Supervisor Neil Derry left. San Manuel Tribal Member James Ramos right.

Election 2012

Joe Nelson, Staff Writer
Posted: 05/19/2012 06:01:36 PM PDT

Things don’t appear to be slowing down one bit in the contentious race for San Bernardino County’s 3rd District supervisorial seat in the June 5 primary election.

Outspoken incumbent Neil Derry has sharply criticized one of his two opponents, former San Manuel tribal Chairman James Ramos, saying Ramos doesn’t have the political background to serve a constituency of roughly 407,000 people.

Jim Bagley, a former Twentynine Palms councilman and three-time mayor, is the third candidate in the primary race.

The geographically diverse district includes parts of the San Bernardino Valley, the San Bernardino Mountains and the High Desert. Redistricting based on new Census figures has expanded the district to include the Morongo Basin and the cities of Twentynine Palms and Barstow.

Derry doesn’t believe Ramos, whom he calls a “liberal Democrat,” is a good fit in a district with a heavy conservative base.

“If you don’t have the right message and the right background, it doesn’t matter how much you spend. I fit the district well. Mr. Ramos does not,” Derry said. “Ramos has no municipal government experience.

“His only experience is being chairman of the San Manual Band of Mission Indians and serving on the (San Bernardino Community College District) board, and that’s it. He has no land use experience.”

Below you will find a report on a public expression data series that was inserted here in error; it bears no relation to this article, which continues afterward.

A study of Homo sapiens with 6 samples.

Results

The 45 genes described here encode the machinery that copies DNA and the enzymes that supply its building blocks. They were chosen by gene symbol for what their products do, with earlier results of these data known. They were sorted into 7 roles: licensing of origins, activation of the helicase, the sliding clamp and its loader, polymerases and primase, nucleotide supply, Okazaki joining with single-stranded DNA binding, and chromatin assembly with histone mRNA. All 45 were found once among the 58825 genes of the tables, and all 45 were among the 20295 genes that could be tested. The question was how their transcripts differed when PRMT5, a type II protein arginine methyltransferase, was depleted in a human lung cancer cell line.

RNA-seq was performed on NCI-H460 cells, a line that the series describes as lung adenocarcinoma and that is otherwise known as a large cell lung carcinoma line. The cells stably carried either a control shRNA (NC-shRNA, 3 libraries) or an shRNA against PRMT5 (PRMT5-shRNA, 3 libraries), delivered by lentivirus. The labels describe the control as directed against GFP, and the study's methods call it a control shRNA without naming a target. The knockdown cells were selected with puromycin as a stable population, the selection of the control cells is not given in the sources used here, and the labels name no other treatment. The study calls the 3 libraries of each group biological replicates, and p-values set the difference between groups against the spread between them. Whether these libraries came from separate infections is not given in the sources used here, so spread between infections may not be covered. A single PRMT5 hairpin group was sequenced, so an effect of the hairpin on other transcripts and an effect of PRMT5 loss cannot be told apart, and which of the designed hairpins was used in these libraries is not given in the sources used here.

Ramos’ camp has criticized Derry, saying Derry has not led by example and arguing he campaigned for supervisor in 2008 on a platform of government transparency and ethics, but was charged by the state Attorney General’s Office last year with three felonies for allegedly laundering a $5,000 campaign contribution from a Highland developer.

Derry pleaded guilty to one misdemeanor for failing to report the contribution and prosecutors dropped the felonies, allowing Derry to retain his seat on the Board of Supervisors.

Derry denies doing anything wrong, and said he pleaded guilty to the misdemeanor to put the matter behind him so he could get back to serving the citizens he represents.

Ramos announced his candidacy for supervisor the day after prosecutors announced that Derry had been charged.

“I believe if the voters want to stop the corruption in San Bernardino County, they’re going to have to start choosing people who are basically ethical in their very nature, and that is James Ramos,” said Betsy Starbuck, Ramos’ campaign manager and the county’s former assistant auditor-controller-recorder.

Mudslinging aside, Ramos’ wealth from income generated by San Manuel Indian Bingo & Casino has allowed him to spend generously on his campaign, which makes the 3rd District supervisorial race unique.